Parents shared their thanks with school officials during a meeting Thursday night after learning that Barrington High School is bringing back dedicated honors courses next year and an improved honors …
Parents shared their thanks with school officials during a meeting Thursday night after learning that Barrington High School is bringing back dedicated honors courses next year and an improved honors distinction option.
Kara Kelley said she was pleasantly surprised by the changes presented during the Barrington School Committee meeting. Kelley, who had spoken in opposition to the removal of honors courses at a prior meeting, said Thursday night’s presentation of the new honors program “felt like progress.” She also offered a few suggestions to school officials as they continue fine-tuning the new honors program.
Other parents said school leaders needed to reflect on the moves that led the district to first call for the replacement of honors classes with an honors distinction option, and then eliminate that option altogether.
Eventually, district administrators decided to bring back a re-worked honors distinction option and finally, on Thursday night, presented a plan that incorporated dedicated honors classes as well as the honors distinction option. (That idea — offering honors courses and an honors designation option — was proposed by Barrington resident Hans Schattle during a school committee meeting earlier this year.)
Barrington parent Devyn Smith, speaking via zoom, applauded Barrington High School Principal Joe Hurley for “doing the right thing” and bringing back honors classes.
Smith said the year-long issue was not Hurley’s fault, but had been thrust upon him by others. He said a paid consultant had led the district to make the changes to the curriculum, likely referring to Katie Novak. He said Barrington Public Schools had paid her $50,000 a year. He also blamed the decision on Paula Dillon, Barrington’s assistant superintendent of curriculum.
Smith said school officials needed to reflect on what happened. He said there needs to be consequences for those who were responsible. Smith also said it is time for the community to heal.
Details about the new BHS honors program will be shared by district officials soon. In fact, officials said they had hoped to share a communication with families on Friday.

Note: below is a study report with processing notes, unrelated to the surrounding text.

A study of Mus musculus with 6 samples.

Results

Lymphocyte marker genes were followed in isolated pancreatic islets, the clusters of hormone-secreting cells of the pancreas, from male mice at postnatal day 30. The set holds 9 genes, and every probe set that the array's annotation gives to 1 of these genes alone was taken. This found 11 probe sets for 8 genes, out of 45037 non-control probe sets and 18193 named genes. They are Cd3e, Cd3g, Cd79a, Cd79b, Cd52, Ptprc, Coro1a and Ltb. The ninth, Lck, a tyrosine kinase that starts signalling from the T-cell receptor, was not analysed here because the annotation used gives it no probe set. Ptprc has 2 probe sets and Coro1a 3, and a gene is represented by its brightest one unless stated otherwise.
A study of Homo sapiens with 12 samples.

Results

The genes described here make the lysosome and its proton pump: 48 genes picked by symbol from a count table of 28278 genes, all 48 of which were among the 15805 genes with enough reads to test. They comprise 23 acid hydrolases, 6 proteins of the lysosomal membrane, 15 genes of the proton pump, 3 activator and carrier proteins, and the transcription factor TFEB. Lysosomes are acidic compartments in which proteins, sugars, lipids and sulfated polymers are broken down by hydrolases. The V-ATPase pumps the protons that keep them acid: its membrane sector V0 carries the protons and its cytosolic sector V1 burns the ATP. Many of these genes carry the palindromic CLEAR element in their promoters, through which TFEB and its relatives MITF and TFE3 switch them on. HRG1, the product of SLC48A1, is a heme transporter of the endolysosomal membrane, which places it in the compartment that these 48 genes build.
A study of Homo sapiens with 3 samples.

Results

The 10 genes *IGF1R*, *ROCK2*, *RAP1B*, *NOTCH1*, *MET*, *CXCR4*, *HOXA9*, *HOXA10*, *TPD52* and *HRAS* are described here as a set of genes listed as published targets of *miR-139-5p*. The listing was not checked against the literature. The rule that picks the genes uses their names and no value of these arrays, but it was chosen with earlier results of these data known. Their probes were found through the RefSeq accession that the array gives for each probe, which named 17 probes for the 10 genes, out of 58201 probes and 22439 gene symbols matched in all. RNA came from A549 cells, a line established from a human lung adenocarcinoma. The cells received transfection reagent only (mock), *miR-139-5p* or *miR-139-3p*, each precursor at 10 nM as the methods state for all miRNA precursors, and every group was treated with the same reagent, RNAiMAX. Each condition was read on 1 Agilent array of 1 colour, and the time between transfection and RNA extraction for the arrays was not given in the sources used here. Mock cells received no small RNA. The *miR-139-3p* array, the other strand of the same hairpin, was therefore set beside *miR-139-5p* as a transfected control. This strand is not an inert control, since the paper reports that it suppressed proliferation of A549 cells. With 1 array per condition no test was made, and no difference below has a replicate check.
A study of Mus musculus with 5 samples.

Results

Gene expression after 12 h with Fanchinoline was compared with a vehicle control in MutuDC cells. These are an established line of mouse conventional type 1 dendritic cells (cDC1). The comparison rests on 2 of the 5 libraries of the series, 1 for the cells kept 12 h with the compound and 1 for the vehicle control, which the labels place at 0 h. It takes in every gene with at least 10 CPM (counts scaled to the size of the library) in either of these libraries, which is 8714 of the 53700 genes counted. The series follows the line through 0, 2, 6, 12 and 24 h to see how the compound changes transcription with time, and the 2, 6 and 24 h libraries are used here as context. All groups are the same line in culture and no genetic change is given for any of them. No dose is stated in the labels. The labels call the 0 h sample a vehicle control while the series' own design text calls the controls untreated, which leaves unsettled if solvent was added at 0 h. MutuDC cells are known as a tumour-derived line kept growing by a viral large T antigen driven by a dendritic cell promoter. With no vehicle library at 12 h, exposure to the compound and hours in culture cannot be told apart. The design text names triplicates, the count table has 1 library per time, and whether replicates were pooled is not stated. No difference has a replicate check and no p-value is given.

Thursday’s presentation shared the changes planned for English language arts and social studies courses, where the honors program had previously been altered.
In ELA, honors classes will be offered for ninth-graders, and for 10th-graders taking American Literature. The honors distinction option will also be offered for ninth- and tenth-graders not taking the dedicated honors course. Barrington High School also plans to offer an honors distinction option for 11th-graders who are not taking the AP course.
In social studies, where there had never been a dedicated honors course offered, the school is continuing with an honors distinction option for freshmen and sophomores.
District officials are still fine-tuning the new honors distinction option, but said there would not be a cut-off grade.
Shelli Edgar, a local parent, said she was happy to see the cut-off grade requirement eliminated. She said that feature was archaic and not reflective of best practices.
Edgar said it was important to remember that more than 100 students did not get honors this year who would have had it in prior years. She said those students will be negatively impacted when they apply for colleges and for merit scholarships.
Members of the school committee asked school officials numerous questions and also requested additional information and data.
Patrick McCrann said that while he liked the changes planned for the honors program, he was still unsure why school officials had first decided to alter the program. He asked for the data that supported the initial, failed change. He asked school administrators what problem they were trying to solve when they first decided to eliminate honors courses.
Paula Dillon did not attend the meeting, and Barrington School Committee member Megan Douglas was also not at the meeting.